Reasons to choose Wilson Browne
Today has marked a significant breakthrough for British Firms after the High Court ruled in favour of thousands of UK companies whose Covid-19 business insurance claims had been turned down in their time of need.
In a first of it’s kind since the FCA was established in 2013, this case represents an unusual intervention by a regulator, who has stepped in on behalf of claimants to get clarification on whether a pandemic and government lockdown can be grounds for commencing insurance pay outs.
Lloyds of London’s underwriter Hiscox, Royal & Sun Alliance, Zurich, RSA and QBE are among the insurers accused of unfairly denying policyholder’s the right to claim. In what Lloyds of London have stated could become the biggest pay-out since 9/11.
What has been happening behind the scenes?
- In May insurers tried to justify their refusal to pay business interruption claims that arose during the onset of the Covid-19 crisis.
- The Association of British Insurers (ABI) claimed that cover for pandemics was not standard in any business insurance policy and therefore Covid-19 was not covered.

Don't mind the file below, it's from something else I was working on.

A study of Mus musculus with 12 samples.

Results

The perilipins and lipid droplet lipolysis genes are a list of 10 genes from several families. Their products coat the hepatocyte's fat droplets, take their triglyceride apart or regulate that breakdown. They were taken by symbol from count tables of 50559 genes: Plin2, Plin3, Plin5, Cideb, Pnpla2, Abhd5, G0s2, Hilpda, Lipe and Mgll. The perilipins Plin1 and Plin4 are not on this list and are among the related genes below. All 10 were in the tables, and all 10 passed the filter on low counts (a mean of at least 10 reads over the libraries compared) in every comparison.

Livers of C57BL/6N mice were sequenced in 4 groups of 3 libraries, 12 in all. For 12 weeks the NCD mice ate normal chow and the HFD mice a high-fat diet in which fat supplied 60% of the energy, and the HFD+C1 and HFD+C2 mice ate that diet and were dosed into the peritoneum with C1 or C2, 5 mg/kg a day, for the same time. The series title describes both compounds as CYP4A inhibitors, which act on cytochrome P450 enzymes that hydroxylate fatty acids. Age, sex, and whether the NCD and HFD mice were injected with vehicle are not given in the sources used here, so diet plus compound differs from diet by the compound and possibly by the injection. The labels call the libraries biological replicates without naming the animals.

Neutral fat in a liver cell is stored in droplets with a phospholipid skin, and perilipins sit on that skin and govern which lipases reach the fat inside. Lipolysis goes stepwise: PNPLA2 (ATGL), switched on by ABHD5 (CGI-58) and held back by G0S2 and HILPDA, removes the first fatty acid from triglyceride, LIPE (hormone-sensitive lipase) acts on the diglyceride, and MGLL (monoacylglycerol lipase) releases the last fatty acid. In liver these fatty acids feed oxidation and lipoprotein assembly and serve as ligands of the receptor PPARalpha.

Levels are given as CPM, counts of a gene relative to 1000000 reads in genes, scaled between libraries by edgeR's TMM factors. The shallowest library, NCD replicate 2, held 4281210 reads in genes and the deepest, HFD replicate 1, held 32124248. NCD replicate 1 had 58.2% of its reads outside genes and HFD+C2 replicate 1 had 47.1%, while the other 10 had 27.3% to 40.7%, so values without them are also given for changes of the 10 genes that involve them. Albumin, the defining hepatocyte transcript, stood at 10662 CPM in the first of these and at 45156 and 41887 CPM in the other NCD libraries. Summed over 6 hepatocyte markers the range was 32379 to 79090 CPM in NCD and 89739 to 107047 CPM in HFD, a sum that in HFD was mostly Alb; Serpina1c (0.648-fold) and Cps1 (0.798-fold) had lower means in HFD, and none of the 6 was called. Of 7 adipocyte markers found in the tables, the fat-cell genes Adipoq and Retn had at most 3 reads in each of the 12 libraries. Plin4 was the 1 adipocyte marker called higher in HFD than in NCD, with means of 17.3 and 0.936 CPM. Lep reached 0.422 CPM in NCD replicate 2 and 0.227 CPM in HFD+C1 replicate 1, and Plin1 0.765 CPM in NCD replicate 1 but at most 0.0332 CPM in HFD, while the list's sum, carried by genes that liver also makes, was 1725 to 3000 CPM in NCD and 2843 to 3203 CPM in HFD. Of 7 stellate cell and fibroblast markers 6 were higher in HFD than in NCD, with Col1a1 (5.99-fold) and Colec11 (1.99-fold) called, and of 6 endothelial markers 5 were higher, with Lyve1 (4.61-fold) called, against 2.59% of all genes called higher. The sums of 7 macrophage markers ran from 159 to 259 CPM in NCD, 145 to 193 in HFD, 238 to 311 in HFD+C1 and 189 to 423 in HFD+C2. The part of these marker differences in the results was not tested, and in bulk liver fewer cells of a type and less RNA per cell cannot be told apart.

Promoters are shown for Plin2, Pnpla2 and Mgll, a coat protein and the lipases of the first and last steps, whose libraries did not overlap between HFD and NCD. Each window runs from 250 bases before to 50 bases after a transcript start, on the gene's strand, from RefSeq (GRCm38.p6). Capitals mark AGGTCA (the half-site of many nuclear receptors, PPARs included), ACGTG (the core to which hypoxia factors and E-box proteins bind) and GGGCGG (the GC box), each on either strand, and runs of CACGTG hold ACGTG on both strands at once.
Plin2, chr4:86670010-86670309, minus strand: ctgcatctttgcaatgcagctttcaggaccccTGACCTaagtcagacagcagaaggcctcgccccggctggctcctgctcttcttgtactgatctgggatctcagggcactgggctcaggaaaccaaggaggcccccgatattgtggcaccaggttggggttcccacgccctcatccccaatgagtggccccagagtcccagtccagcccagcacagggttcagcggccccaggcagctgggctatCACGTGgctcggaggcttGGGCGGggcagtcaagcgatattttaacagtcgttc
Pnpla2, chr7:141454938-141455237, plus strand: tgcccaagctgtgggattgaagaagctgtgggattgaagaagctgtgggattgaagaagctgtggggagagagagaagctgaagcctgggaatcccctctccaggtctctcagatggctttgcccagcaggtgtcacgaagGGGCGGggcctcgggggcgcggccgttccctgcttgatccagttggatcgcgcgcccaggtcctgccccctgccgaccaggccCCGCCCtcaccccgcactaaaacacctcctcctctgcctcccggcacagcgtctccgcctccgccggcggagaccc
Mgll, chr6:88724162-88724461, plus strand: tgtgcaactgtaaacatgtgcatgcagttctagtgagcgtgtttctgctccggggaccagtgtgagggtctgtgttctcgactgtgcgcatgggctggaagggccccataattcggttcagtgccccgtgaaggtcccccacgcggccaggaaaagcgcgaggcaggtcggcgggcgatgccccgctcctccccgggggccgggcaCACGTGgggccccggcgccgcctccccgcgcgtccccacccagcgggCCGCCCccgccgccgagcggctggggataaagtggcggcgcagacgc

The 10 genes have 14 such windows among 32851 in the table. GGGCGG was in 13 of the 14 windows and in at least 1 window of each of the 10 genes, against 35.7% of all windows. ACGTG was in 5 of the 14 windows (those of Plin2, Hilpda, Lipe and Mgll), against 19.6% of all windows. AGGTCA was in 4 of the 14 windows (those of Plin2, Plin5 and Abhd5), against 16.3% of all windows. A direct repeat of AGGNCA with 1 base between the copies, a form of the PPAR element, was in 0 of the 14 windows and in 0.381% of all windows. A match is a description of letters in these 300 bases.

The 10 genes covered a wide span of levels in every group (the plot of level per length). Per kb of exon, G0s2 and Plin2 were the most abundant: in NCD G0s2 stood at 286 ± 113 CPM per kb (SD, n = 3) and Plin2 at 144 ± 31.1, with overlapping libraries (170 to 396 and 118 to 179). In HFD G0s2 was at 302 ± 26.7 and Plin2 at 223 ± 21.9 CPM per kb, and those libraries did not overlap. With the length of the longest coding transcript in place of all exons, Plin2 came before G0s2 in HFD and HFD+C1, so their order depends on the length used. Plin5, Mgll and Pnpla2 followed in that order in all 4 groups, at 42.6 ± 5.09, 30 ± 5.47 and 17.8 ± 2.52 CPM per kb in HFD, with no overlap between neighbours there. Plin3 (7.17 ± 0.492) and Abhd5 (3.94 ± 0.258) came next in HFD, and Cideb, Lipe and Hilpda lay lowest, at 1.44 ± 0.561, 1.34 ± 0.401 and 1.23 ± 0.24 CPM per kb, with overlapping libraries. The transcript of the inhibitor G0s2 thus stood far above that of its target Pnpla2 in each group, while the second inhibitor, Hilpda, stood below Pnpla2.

- The FCA estimated more than 60 insurers had policies that contained precise clauses which could be seen to include Covid-19 situations and that interim payments should be made if there were reasonable grounds to pay part of a claim.
- In light of missing insurance pay outs, thousands of businesses relied on tax payers money to help place employees onto the Government Furlough Scheme and take advantage of governmental grants to keep their businesses afloat.
- In July a legal case in which the FCA looked to claim against 8 major insurance companies began. The refused business interruption payments were estimated to be worth over £1 billion pounds.
- Over the last 2 weeks the High Court has reviewed the wording of 17 sample policies used by a variety of insurers to decide whether Covid-19 can trigger a business interruption pay out.
- Today the High Court ruled in favour of over 370,000 companies, finding that most (though not all) of the disease clauses in the samples policies analysed did provide Covid-19 cover.
What does this mean for UK businesses?
Although it may be too late for some firms who have had to shut as a result of being denied cover, today’s ruling provides ‘persuasive guidance’ which means that it will be much harder for insurers to forfeit future pay outs in such circumstances. It is however extremely likely that the insurers will appeal the decision to the Supreme Court, and will continue to refuse to make any payments until the appeal process has officially concluded. This will sadly see further delays in eligible business owners receiving recovery payments and could result in further loss of business for the UK economy.